Successful sports teams don't like distractions.
Self-created disruptions, such as Dave Roberts deciding to play Mookie Betts at second base, are one thing. The Dodgers may feel the need to keep things fresh to avoid complacency with less than 20 games remaining before the postseason. This is a good time to try some "Why not?" experimentation as long as it doesn't affect focus on the big goal.
But distractions coming from outside the closed community of a baseball clubhouse are not viewed favorably. That's likely why the Dodgers are objecting so strongly to the possibility that players' families will have to isolate in a seven-day quarantine before joining their loved ones during the postseason.
As reported by The Athletic's Ken Rosenthal, Major League Baseball wants the quarantines to avoid possible COVID-19 infections during the postseason. With a tighter schedule, postponements of multiple days due to positive tests -- or outbreaks -- could prevent the playoffs from finishing and cost MLB a whole lot of money.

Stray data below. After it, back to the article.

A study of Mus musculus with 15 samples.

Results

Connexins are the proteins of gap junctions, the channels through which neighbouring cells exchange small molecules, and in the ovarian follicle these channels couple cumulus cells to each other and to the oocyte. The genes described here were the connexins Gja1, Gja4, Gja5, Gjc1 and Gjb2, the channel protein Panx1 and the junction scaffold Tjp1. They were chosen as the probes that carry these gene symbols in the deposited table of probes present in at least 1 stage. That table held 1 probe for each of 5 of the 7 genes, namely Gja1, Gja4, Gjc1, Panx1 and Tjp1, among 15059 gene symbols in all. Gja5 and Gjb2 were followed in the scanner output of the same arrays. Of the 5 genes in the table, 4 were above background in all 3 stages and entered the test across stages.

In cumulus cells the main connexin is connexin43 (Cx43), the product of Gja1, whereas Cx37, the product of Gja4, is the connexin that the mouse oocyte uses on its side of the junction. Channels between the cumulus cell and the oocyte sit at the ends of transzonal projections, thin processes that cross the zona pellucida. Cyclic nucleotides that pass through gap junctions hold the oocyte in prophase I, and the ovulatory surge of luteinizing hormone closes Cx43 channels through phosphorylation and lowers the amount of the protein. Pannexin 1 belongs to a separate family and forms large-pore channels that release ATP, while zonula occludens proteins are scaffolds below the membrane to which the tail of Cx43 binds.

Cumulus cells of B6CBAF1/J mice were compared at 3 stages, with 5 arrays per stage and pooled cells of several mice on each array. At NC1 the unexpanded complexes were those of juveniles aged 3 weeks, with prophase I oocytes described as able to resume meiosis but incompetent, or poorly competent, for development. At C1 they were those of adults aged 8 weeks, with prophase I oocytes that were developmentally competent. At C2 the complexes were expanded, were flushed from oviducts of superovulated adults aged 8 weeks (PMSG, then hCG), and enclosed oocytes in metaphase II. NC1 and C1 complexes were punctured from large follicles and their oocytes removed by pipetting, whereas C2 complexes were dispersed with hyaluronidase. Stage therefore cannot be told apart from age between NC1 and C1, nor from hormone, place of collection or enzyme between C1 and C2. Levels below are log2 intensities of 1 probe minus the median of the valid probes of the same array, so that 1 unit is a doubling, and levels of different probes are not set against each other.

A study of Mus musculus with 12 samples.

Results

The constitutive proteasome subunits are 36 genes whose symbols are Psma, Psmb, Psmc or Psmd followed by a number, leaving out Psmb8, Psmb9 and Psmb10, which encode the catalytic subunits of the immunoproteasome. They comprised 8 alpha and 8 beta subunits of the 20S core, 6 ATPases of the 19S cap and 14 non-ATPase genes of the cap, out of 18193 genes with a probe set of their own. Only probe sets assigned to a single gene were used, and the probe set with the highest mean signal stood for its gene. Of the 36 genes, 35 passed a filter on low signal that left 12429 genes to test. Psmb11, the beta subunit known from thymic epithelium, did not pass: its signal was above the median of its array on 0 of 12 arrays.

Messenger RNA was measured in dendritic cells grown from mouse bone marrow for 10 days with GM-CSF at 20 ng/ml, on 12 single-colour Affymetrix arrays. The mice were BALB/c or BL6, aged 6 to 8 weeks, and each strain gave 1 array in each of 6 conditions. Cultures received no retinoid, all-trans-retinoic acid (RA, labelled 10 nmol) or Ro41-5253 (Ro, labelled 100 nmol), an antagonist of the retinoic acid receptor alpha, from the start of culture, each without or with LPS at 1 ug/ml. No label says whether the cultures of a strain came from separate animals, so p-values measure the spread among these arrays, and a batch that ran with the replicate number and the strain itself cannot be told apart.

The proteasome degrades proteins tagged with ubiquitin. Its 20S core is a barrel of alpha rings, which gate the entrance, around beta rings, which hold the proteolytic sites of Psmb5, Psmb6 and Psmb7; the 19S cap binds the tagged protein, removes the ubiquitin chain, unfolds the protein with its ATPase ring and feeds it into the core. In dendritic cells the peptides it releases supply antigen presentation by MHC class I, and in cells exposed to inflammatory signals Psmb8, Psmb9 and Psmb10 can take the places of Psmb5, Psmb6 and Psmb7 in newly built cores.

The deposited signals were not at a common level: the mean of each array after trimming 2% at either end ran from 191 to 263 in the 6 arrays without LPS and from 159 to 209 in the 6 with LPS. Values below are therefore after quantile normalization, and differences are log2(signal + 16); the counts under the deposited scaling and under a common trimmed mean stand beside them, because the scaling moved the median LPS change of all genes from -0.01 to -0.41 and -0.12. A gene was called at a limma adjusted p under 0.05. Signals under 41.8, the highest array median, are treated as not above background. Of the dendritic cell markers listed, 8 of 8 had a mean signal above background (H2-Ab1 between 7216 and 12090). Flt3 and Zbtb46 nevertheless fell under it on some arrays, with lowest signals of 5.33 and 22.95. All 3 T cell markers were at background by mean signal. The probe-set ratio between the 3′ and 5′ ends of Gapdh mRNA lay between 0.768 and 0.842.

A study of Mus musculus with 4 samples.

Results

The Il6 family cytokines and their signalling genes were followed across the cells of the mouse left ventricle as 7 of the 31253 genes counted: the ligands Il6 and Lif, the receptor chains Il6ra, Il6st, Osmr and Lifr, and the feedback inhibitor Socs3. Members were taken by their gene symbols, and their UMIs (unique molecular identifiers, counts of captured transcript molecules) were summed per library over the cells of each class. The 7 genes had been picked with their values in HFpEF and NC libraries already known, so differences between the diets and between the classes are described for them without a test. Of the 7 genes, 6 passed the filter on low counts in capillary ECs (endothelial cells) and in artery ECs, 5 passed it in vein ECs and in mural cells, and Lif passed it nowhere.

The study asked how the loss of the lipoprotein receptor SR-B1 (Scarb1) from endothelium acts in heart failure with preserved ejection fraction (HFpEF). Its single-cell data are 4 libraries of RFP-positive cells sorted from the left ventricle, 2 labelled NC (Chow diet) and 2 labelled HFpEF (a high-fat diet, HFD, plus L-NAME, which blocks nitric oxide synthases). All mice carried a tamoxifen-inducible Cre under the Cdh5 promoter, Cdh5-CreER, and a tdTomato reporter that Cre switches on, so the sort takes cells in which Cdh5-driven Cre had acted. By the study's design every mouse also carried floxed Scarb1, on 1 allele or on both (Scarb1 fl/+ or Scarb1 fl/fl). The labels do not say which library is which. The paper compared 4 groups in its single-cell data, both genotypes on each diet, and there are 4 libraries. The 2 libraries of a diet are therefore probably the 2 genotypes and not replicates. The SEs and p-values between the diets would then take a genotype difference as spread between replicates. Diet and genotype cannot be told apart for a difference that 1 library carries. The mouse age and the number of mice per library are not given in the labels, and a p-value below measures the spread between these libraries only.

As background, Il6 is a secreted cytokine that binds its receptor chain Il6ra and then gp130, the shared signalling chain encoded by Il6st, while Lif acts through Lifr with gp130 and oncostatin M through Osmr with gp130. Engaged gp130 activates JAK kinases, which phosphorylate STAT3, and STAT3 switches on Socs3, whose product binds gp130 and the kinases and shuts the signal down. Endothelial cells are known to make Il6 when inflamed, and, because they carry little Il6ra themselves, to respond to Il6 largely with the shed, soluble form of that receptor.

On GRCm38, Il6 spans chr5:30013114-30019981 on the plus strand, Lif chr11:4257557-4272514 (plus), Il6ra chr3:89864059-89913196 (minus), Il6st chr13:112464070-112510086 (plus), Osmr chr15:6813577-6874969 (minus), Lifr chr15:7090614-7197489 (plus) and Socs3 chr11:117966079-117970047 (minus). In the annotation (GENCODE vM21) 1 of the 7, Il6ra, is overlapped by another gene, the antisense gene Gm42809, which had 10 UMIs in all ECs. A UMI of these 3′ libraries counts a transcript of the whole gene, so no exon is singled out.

But in the Dodgers' view, separating players from their families is an unnecessarily harsh measure for a team that's implemented and followed COVID-19 protocols more strictly than several other MLB teams.
Justin Turner is framing the issue a bit dramatically when asking, "You're asking us to choose between our families and the playoffs?" But it's also understandable why he and the players he speaks for as the team's union representative are opposed to being separated from spouses and children for a week.
The Dodgers haven't had any positive tests since reporting for Summer Camp. And since baseball hasn't been playing in a bubble, they've been at home (or stayed on the road) with the very family members from whom they'd presumably need to be isolated as the postseason begins. With the team at home during the final week of the regular season, players and their families will likely be together. So why separate them after that?
Why cause trouble where there appears to be none? As Turner sees it, don't try to mess with a beautiful thing. The Dodgers' current path toward the best record in baseball and an elusive World Series championship while staying COVID-free shows they've done everything correctly.
Ian Casselberry watchdogs sports media for Awful Announcing. He's covered baseball for SB Nation, Yahoo Sports and MLive, and was one of Bleacher Report's first lead MLB writers. Please follow Ian on Twitter @iancass and give him a listen at The Podcass.